Holiday stress and techniques to reduce it

This look at a children’s health or safety issue comes from Dayton Children’s Hospital. Email: newsroom@childrensdayton.org.

The holidays may be bright and sparkly, but often hidden underneath the glitter and gold are stress, anxiety and depression.

The long list of to-do’s gets longer. With so many parties, relatives and meals during the holiday season, stress levels grow higher than your chimney. There are many signs that stress is taking its toll on you and your children including:

• Anxiety

• Changes in sleep pattern

• Headaches

• High blood pressure

• Weight gain or loss

• Upset stomach.

Dayton Children’s offers a few tips to relieve the stress. With the stress reduced, there will be more joy and good cheer to spread around the holiday season. Try some of these techniques:

Be realistic. Take a look at everything on your family's plate this holiday season and choose the events or items that bring your family the most joy. You may have to say no to some gatherings to keep your family and yourself happy. Don't feel bad.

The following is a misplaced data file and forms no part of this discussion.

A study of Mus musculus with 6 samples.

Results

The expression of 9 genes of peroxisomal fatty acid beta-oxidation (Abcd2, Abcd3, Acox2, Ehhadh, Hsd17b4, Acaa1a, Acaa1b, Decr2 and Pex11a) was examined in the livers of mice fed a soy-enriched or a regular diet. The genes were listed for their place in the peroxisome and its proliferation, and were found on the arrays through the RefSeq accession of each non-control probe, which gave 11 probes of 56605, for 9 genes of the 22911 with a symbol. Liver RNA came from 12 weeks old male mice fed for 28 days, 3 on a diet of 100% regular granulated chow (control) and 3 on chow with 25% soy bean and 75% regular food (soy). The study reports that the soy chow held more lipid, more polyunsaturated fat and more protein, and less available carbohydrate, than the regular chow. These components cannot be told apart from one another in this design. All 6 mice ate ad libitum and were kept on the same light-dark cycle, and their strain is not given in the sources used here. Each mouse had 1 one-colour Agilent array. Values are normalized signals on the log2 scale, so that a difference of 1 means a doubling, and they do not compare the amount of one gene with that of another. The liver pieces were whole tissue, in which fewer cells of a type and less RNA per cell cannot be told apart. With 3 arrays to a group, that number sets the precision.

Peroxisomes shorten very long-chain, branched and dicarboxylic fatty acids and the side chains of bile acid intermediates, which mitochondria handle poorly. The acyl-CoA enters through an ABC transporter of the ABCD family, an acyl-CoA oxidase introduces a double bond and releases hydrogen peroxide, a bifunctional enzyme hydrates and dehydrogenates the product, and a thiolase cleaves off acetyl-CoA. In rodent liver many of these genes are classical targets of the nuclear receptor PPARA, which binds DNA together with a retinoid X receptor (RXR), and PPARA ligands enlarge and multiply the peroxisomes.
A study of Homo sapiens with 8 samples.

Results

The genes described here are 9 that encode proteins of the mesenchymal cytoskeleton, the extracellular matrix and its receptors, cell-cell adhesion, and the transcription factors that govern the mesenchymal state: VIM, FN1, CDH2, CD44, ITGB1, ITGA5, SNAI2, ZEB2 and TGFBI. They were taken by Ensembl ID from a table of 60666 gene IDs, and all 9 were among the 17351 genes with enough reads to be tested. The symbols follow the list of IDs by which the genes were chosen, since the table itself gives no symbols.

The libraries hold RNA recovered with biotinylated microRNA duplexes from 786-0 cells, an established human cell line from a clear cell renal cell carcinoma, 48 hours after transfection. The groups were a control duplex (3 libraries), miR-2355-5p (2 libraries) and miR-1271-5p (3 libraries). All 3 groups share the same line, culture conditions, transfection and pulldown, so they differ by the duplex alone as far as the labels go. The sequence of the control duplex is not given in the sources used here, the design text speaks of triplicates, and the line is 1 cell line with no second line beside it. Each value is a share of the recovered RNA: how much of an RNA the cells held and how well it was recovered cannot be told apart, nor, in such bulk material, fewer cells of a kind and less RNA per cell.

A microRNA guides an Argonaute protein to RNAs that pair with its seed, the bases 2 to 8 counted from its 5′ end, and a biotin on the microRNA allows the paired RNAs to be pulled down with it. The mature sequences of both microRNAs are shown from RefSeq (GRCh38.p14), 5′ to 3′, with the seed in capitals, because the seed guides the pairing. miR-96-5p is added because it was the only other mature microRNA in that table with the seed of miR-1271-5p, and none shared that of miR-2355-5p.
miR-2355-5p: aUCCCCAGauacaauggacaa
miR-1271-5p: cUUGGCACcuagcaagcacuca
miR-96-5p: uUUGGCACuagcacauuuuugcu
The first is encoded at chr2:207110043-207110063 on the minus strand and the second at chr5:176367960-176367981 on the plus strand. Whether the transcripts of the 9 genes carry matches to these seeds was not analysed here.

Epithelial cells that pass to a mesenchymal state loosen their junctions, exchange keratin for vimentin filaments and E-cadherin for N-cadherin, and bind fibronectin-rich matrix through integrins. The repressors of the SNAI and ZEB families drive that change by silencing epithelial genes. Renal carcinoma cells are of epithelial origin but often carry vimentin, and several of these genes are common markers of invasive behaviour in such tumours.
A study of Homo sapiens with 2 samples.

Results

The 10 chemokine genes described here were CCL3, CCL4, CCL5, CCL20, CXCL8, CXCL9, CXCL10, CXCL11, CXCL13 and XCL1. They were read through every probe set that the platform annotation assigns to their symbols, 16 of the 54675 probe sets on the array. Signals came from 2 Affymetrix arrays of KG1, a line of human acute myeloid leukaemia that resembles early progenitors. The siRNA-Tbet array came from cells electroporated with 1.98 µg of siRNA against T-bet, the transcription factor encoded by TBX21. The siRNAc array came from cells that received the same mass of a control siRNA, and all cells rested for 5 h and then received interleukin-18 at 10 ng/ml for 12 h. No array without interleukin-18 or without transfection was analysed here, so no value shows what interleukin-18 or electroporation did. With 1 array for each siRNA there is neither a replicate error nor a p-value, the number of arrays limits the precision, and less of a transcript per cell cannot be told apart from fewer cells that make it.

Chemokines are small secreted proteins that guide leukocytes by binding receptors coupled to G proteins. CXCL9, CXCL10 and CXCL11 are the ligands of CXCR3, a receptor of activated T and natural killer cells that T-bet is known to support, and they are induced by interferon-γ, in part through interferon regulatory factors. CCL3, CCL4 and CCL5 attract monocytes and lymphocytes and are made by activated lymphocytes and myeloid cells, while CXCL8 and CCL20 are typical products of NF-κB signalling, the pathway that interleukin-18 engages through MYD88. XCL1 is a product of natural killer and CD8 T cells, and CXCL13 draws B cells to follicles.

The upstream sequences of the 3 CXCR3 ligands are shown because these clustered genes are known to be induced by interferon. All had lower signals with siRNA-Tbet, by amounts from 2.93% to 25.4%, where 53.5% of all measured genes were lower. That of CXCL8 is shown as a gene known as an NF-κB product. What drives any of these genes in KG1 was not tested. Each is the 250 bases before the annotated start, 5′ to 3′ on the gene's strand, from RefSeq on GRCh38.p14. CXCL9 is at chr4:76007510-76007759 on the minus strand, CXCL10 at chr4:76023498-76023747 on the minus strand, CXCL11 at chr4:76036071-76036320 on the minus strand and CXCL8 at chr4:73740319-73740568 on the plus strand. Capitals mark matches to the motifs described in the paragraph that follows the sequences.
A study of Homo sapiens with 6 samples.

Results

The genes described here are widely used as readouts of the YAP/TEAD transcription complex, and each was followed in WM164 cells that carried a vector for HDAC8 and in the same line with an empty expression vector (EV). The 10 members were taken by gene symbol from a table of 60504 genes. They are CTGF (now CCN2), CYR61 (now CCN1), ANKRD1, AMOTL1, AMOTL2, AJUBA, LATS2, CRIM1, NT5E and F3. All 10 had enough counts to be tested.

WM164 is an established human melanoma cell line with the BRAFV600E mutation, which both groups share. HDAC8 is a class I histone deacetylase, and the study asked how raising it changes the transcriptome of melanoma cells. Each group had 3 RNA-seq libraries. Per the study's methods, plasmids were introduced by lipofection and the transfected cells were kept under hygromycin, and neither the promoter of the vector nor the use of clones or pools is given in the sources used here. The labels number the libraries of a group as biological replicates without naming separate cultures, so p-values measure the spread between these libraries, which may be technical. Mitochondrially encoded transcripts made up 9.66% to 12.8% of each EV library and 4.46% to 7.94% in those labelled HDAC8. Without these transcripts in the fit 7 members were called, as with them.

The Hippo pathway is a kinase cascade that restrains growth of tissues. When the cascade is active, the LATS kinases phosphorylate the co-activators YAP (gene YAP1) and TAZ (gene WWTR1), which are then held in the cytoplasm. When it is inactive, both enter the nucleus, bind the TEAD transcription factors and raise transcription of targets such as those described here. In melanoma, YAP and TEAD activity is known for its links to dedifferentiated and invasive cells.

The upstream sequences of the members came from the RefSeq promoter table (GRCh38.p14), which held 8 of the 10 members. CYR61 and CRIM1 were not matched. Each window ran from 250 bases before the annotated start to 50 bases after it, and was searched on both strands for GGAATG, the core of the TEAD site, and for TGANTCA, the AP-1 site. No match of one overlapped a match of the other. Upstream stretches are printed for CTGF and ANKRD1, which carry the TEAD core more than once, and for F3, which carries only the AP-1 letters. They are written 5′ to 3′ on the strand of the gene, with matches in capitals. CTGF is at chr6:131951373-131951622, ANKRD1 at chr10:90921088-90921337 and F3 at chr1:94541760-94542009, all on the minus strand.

Ask for help. Remember, there are always people around willing to help. Friends and family may not know you are struggling if you don't tell them. Reach out to them or other organizations in the community for assistance if you need it.

Involve your kids. Have your child help you wrap presents or prepare the holiday ham. They'll love knowing they are being helpful, and it's great family time.

Volunteer. Sometimes kids forget how lucky they are to have all that they do. Volunteer at a soup kitchen or spend a day in a food bank. Kids can learn a lot by giving to others.

Look at things in a new light. Is the burned ham or broken toy really going to ruin the holidays? Create a learning experience from it. Teach your child that sometimes things don't go as planned, but that it does not mean all is lost.

Sweat it out. When stress and anxiety have you in their grasp, walk it out. Take a break from all the hustle and bustle and relax with the family playing a game of touch football or going on a family stroll. Find an ice rink and race your kids around the rink. Exercising is a natural mood booster and will leave you and your children feeling refreshed and ready to tackle all the work of the holidays.

Remember, when the holidays get you or your kids down, get up and use some of these tips to add cheer to your holidays and enjoy the family, friends and relationships around you. This time of year isn’t about worrying; it’s about laughter, love and life.